As is the case every season around this time of year, trade rumors are circulating as the NHL trade deadline approaches. At 3 p.m. EST on March 5, a transaction freeze will be put in effect for the remainder of the season. This gives teams less than a week to make the final tweaks to their rosters. Though the low salary cap this year makes it particularly difficult for clubs to make moves, it’s safe to assume that we’ll still see a flurry of deals go down in the coming days.
There are more marquee players on the market right now than there have been in quite some time, which could make for an especially intriguing trade deadline. It was recently revealed that Tampa Bay Lightning captain Martin St. Louis wants to be dealt to the New York Rangers, while reports out of New York continue to indicate that Ryan Callahan and Dan Girardi are available.
Just this week, reports surfaced that the Vancouver Canucks have been looking into trading Ryan Kesler and Alex Edler. There are even rumors suggesting that Kesler asked to be dealt some time ago. Some smaller names are also in play, like Buffalo’s Steve Ott and Toronto Maple Leafs winger Nikolai Kulemin.
Will the San Jose Sharks be in the running for any of these players, though? Probably not. The club still needs to activate forwards Logan Couture and Raffi Torres from long-term injured reserve. Once they do, the combined cap hit of those two players will count against the team’s salary cap. This would leave the Sharks with virtually no cap space with which to add a roster player.
Unless, of course, they shed some salary. It’s not outside the realm of possibility that the club might consider moving a player like Marty Havlat or Tyler Kennedy to free up some cap space. Havlat carries a $5 million cap hit and has been deadweight this season, so he wouldn’t be a significant loss. However, it’s unlikely that any team would be willing to take on his contract. Kennedy’s cap hit comes in at $2.35 million, making him easier to move.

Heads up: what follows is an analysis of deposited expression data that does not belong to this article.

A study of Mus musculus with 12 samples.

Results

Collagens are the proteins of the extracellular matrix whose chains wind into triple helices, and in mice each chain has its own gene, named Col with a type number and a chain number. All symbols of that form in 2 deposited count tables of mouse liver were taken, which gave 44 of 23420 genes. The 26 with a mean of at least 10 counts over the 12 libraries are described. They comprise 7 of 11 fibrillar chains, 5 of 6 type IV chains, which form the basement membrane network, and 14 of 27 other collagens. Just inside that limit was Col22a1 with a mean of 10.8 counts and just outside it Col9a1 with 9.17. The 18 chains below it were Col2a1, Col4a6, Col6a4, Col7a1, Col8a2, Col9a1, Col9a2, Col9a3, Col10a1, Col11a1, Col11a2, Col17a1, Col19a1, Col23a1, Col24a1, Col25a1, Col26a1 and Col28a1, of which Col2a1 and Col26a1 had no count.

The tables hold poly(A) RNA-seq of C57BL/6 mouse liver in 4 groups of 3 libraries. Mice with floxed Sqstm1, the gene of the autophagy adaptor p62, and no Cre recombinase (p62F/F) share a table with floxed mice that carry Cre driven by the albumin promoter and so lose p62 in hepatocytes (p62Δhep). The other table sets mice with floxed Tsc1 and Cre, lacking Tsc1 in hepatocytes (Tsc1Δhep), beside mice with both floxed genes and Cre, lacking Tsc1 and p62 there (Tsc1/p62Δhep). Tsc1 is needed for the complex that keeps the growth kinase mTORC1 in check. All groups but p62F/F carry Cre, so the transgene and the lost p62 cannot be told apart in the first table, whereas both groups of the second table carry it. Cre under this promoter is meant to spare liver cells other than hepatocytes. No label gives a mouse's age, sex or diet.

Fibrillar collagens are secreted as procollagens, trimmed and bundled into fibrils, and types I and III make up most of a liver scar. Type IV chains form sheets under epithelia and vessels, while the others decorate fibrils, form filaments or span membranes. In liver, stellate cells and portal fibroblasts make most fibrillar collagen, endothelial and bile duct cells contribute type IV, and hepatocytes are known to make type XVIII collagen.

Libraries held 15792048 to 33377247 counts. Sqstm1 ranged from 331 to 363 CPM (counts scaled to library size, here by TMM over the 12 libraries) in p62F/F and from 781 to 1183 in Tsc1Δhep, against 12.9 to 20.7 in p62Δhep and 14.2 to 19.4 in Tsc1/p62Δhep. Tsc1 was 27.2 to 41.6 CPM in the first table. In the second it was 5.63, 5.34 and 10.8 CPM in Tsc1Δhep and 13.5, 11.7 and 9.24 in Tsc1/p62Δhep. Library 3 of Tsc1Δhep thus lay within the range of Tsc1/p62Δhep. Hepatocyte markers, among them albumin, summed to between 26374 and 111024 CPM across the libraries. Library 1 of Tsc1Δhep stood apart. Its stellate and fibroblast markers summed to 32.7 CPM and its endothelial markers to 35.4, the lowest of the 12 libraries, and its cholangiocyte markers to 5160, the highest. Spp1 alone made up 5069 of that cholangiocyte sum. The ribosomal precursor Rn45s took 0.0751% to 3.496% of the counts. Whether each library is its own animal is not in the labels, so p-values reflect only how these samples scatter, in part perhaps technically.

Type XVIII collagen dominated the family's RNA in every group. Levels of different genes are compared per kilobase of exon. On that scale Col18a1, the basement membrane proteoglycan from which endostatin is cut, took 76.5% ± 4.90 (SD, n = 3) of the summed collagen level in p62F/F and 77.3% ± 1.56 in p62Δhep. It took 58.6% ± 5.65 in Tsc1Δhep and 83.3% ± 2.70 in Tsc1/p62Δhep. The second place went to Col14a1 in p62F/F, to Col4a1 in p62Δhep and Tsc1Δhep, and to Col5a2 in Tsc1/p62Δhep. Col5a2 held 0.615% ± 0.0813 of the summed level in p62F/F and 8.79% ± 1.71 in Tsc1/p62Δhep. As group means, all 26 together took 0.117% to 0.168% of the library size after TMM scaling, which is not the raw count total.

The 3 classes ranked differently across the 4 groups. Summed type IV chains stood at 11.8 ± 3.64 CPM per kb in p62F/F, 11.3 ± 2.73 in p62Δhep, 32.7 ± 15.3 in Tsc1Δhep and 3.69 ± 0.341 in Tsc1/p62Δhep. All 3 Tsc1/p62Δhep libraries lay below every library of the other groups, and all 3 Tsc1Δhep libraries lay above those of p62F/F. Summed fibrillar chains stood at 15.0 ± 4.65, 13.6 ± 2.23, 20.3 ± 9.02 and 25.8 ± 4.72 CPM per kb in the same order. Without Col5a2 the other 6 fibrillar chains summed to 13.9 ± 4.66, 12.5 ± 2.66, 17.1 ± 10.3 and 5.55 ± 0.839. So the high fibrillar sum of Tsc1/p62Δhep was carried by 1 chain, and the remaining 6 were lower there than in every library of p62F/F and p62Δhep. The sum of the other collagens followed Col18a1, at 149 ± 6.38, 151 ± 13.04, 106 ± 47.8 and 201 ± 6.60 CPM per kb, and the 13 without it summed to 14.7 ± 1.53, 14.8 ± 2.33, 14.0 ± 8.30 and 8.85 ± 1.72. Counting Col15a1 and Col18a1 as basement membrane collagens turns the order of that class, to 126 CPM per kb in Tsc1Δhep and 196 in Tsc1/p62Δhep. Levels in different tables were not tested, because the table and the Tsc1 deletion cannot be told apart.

If the Sharks do decide to make some room on the roster, who would they target in the trade market? They’re loaded at center, so Kesler and Ott would likely be out of the question. They certainly don’t need a goalie, so that eliminates Miller. The team could use an additional scoring winger, so Vanek or Sabres winger Matt Moulson would be good fits, but the asking price for both players might be too high. The Sharks boast one of the weakest prospect pools in the league, so it’s doubtful that they’d want to deal any high draft picks or top young players for a rental.
The most urgent need in San Jose is a left-handed defenseman, of which there are only a few believed to be available. Could Vancouver’s Edler be a target? Possibly, but the Canucks would be fools to trade the Swedish rearguard to a division rival. Montreal Canadiens defenseman Andrei Markov is another option, and he might be the best fit for the Sharks. The team needs more firepower on the back end, and he can certainly provide it.
But like Vanek and Moulson, Markov would just be a rental and would cost the team some quality young assets that they may be unwilling to part with.
It’s more reasonable to presume that the Sharks will approach this trade deadline much like they did last year’s. GM Doug Wilson opted to avoid the big names and acquire two under-the-radar pieces in Torres and Scott Hannan. It was a strategy that paid off as Wilson paid a low price for two players who have since become key contributors. Expect San Jose to take that path again this season.